Born in Olney, Texas in 1937, Jan is an only child. Her biological father worked in the oil fields and was divorced from Jan’s mother early on. Her mom enrolled her in Catholic boarding school in the third grade. The nuns took her in at the Academy of Wichita Falls and she stayed there until she was 13 years old. The school cost $60/month at that time. Her mom later married an Air force pilot and they moved around a lot. She attended four different high schools in four different states. After graduating, she decided to go to a business college in Delaware.
This smartphone-savvy-senior is very outgoing and extremely social. She loves to tell jokes and even told me a couple while we were in the middle of our interview. Jan is extremely generous and often brings food to other folks in the community she lives in who are sick or not able to get out.
Previously, Jan worked as an office manager of an insurance company. One of her good friends was Bernice Moncrief, the founder of Hospice. They traveled on the QE2 together through England, Morocco, and Spain. While on this trip she met her future husband, Jim; he proposed to her on the second night after meeting her. She told him, “We’ll consider this.” Jim worked for the State Department at that time. In order to convince Jan to accept his proposal, at each of the ports he would send her flowers and cables saying, “I love you” and “Marry me.” I guess it worked, because they were married in 1984. His nickname for her was, “Angel Face.” Following the cruise, Jim met up with Jan at La Guardia Airport and asked her to come meet his friends in Washington, DC. They got married three days later. Jan moved all her things from Houston and started working for the State Department as well. She worked there for 16 years. One of her favorite projects was the one where she worked with a team that built the Embassy in Moscow. Unfortunately, Jim passed away in 1991 due to cancer. She buried him in the Arlington National Cemetery alongside her parents.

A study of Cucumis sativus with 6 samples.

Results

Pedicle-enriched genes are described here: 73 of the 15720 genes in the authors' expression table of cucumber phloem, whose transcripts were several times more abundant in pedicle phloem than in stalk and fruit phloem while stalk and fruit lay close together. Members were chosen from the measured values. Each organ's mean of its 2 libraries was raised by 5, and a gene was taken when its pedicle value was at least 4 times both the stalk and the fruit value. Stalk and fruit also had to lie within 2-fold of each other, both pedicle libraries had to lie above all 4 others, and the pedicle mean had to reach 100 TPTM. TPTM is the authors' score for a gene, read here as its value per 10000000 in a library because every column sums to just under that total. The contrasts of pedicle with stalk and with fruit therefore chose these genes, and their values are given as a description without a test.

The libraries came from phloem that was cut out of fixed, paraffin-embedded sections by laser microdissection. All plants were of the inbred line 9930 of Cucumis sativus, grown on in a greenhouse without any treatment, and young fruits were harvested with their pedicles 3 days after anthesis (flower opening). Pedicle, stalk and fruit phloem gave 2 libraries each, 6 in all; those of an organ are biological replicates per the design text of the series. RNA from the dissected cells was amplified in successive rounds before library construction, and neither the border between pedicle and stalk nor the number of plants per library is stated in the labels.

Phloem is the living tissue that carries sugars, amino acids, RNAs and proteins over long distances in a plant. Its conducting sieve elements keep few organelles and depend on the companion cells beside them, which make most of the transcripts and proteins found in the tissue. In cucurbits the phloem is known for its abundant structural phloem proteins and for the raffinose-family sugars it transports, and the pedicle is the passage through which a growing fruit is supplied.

In 1998, Jan was still in DC working in the antique dealing business. She would buy and sell at antique shows, but she never had a shop. It was here that she met a man named Joe through a dating service. Joe worked for IBM at the time. They decided to move to Texas because her kids were there. She moved to Grand Prairie and bought a house; Joe followed soon after. He was a very loving husband. Every night, Joe would take her hand and say “thank you for everything you did for me today.” Jan refers to him as a sweet, sweet man. Jan decided to retire in 2000 and after two years in Grand Prairie, the couple decided to relocate to Florida to Port St. Lucie. When Joe got sick in 2012 they moved back to Texas to Robson Ranch. In 2013, Joe passed away from Alzheimer’s.
Jan had a dog named Samantha who was her best friend for 13 years. One day, in a vicious dog attack, Samantha was killed. Jan broke her arm and knee trying to save her. After that, Jan decided it was time to move into a senior community.
Despite the tragedies Jan faced: losing two husbands to cancer and one to Alzheimer’s and losing her sweet dog, Samantha, Jan is happy and has a positive attitude. Her advice to others is to “do good and be good and be kind to each other.” She said that she “can’t be ugly to anyone.”
Jan has a daughter in Watauga, a son in Cedar Hill and another daughter near Corsicana. Jan is a true believer of enjoying life and she told me that “If you can do something and indulge yourself, do it. Life is too short to wait. After all, you’re dead a long time.” One of her favorite indulgences is Pappadeaux cheesecake. She also loves their steak and lobster.
Jan stays busy spending time with friends and family. One of the things she loves to do is put together style shows in the community where she lives. Through that, she gets to work with local designers and boutiques which she enjoys. Spending an afternoon with Jan is both inspiring and motivating; she embodies a spirit of fun and adventure and it is a joy to be around her.